2 dividend shares I wouldn’t touch with a bargepole in today’s stock market

The stock market is full of fantastic dividend shares that can deliver rising passive income over time. But I don’t think these two will.


Naturally, not all stocks I consider will win me over. Quite the opposite, in fact.

Here are two dividend-paying UK shares that I’m avoiding like the plague right now.

A FTSE 100 wealth-shredder

Right now, the dividend yield of BT Group (LSE: BT.A) is 7.4%. On paper, that looks enticing.

However, a quick glance at the history of the payout tells me I should exercise extreme caution.

Financial yearDividend per share
2024 (forecast)7.50p
1986/87 (as British Telecommunications)8.45p

To be fair, the prospective dividend for this year is covered 2.5 times by trailing earnings. That suggests a solid margin of safety.

However, at the end of September, the company’s net debt position was £19.9bn — nearly double its market cap! In the words of Scooby-Doo as he wheels away in terror, “Yikes!”

Meanwhile, there is growing competition in the UK broadband market from alternative network providers (or ‘altnets’) such as CityFibre. These are taking volumes and limiting the pricing power of BT’s Openreach.

UBS thinks the telecoms giant will have to spend more to compete, threatening the dividend moving forward. “We assume [the dividend per share] halves to 3.85p,” the bank said, citing higher capital expenditure and pressure on cash flow.

Now, this doesn’t mean BT will turn out to be a poor investment from 104p today. Despite UBS’s bearishness, analysts’ consensus target stands at 178p, a whopping 71% above the current share price.

This suggests the stock is significantly undervalued. However, that has been the case for as long as I can remember. And over this time, BT just keeps shedding more and more market value.

Indeed, the share price has now fallen 70% in 10 years!

I just don’t think the telecoms industry – and BT in particular – is an attractive place to invest my money.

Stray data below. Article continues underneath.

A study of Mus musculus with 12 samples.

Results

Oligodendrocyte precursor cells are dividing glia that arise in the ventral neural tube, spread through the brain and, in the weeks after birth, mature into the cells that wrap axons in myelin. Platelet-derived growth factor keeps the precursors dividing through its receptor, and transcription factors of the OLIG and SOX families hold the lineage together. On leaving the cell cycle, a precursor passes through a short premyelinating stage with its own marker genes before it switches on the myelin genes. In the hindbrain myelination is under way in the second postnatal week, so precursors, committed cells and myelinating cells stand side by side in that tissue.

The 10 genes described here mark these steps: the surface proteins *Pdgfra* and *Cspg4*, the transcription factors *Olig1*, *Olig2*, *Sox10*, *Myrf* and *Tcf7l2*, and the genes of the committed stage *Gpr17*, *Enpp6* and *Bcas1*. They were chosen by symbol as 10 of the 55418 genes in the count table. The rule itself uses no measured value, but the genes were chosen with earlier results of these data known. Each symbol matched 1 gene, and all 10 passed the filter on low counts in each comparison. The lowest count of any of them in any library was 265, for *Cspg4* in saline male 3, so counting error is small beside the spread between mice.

Huge ongoing capital requirements, low growth, and increasing competition are unlikely to change the long-term picture here, in my view.

A FTSE 250 free-faller

The second dividend-paying stock I’m avoiding is Dr Martens (LSE: DOCS). Again, in theory, the juicy 8.6% dividend yield looks lip-smacking. It’s more than double the FTSE 250 average.

However, this high yield is due to a 12-month share price plunge of 58% rather than bumper dividend hikes.

The bootmaker only started paying dividends in 2022, but that short record already looks in danger after the firm just issued its fifth profit warning in three years.

For this financial year (which has just started), the firm’s worst case scenario is for pre-tax profit to be just a third of last year’s £159m. And operating margins are under serious pressure.

Granted, the economic backdrop is challenging for most retailers. So it’s perfectly possible that sales could quickly pick back up once consumers have a bit more cash to spare.

Additionally, Dr Martens has announced that CEO Kenny Wilson will be succeeded by chief brand officer Ije Nwokorie. Perhaps he can freshen things up.

However, it’s common for new management to reset (or even cancel) the dividend of a struggling company. I fear this is on the cards here. So I’m investing my money elsewhere.

Should you invest, the value of your investment may rise or fall and your capital is at risk. Before investing, your individual circumstances should be assessed. Consider taking independent financial advice.

Ben McPoland has no position in any of the shares mentioned. The Motley Fool UK has no position in any of the shares mentioned. Views expressed on the companies mentioned in this article are those of the writer and therefore may differ from the official recommendations we make in our subscription services such as Share Advisor, Hidden Winners and Pro. Here at The Motley Fool we believe that considering a diverse range of insights makes us better investors.